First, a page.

By Mark Morellini
Sophie Boutros directed television programs for six years in Lebanon and Dubai after receiving a Bachelor in Directing. Mahbas which is also known as Solitaire, is her debut feature film which received much accolade at the Dubai International Film Festival in 2016. A critical and commercial success throughout the Middle East and the North African region, Mahbas is a delightful crowd-pleaser which should also prove to be a roaring success at this year’s Arabic Film Festival.
Sophie speaks candidly about her film….
IS IT CHALLENGING FOR WOMEN IN ARABIC COUNTRIES TO BE FILM DIRECTORS?
I do not believe we can generalise when we talk about the women status in the Arab countries. The space a woman is given differs between one country and another. In my country it is not an exception for a woman to be a filmmaker, also many women occupy several positions in a film crew actually; like in Mahbas most of my key crew were females. Plus I don’t look at myself as a weak or weakened human being, therefore my challenges were the same as they would have been for a male, simply to do a good job.
IS THERE A GENERAL ANTAGONISM/DISLIKE BETWEEN THE LEBANESE AND SYRIANS?
On this front, as well it would be inaccurate to generalise. There are many marriages and friendships between the two countries, but the fact is that when racism or prejudice hits, it hits hard. It carries with it the ugliness of the past Lebanese war. Some people choose to always look at their resemblance as two neighbouring countries but some cannot forget or overcome the negativity.
WAS THIS STORY CONCEIVED FROM ACTUAL HAPPENINGS IN ARABIC SOCIETY?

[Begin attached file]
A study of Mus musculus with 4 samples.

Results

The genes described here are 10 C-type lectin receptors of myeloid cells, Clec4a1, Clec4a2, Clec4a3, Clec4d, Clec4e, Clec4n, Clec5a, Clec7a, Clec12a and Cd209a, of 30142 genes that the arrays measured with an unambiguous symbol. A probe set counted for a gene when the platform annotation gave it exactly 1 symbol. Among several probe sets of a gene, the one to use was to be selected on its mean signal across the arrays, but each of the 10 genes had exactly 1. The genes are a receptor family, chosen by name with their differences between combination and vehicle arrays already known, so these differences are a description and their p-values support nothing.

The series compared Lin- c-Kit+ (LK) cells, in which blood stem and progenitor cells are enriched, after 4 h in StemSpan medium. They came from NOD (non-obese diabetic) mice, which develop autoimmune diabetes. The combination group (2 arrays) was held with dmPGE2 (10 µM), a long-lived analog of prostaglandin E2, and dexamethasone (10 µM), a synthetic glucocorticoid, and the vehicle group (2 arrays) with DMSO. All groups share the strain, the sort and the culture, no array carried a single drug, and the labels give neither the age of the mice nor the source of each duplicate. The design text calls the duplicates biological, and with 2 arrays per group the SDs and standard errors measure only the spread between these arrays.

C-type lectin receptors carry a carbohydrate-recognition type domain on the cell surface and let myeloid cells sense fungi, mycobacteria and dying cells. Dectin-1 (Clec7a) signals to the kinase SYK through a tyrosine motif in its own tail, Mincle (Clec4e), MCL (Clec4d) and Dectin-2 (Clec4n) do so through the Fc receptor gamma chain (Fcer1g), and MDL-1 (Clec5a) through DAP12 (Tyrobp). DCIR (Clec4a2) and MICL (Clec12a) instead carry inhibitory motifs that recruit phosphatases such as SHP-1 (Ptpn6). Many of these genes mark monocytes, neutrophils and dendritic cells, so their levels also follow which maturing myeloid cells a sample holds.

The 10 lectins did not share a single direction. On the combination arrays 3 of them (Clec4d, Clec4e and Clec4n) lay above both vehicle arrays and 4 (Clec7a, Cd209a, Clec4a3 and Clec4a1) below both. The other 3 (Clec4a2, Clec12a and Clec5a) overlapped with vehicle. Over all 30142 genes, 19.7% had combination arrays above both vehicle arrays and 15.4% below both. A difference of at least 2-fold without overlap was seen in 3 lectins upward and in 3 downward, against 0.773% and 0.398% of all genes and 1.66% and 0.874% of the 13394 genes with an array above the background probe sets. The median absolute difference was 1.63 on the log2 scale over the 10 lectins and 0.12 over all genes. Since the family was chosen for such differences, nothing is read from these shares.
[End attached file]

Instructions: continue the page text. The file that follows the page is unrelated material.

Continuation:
The story was not necessarily created based on a true one that I or Nadia, the co-writer and producer, had lived or witnessed. But the theme itself came from our observations of both societies and of this love/hate relationship that exists between them. For example, many Lebanese who hate Syrians can, ironically, easily watch Syrian dubbed Turkish series all day!
THIS FILM EXPRESSES TO ME THAT REGARDLESS OF OUR NATIONALITY, OR WHATEVER OUR RELIGIOUS BELIEFS WE ARE COMMUNITIES THAT SHARE THE SAME HUMAN FRAILTIES; PEOPLE ALL HAVE PREJUDICES; MOTHERS MAY SCHEME AND DECEIVE FOR THEIR CHILDREN; HUSBANDS MAY CHEAT ON THEIR WIVES….IS THIS THE UNDERLYING THEME?
Since the film’s release, I did my best not to tell people what they are supposed to think once they watch Mahbas; in the story and screenplay, we tried our best not to convey direct messages nor preaching, and I would like also here to leave it up to the audience to come up with their own understanding and feeling after they watch Mahbas. But all I can say is that the film definitely carries a positive human message through a story full of racism, intolerance and prejudice. We tried to be bold enough to self-criticise, to look the problem in the eye, something our societies are not really used to doing.
DO YOU BELIEVE THAT YOUR FILM MAY AID IN CHANGING WESTERN AUDIENCES PERCEPTIONS OF ARABIC PEOPLE AND THEIR LIFESTYLES?
There have been long years of wrong propaganda about Arab societies. For the west, it is the “Middle-East”, one entity, one colour, one nation, which in reality is far from being true. Unlike what a lot of people still think, we do not have old souks full of dust and we do not ride camels or even donkeys. I would be more than happy if my film contributes to giving a more genuine image about my society, my people and about our culture.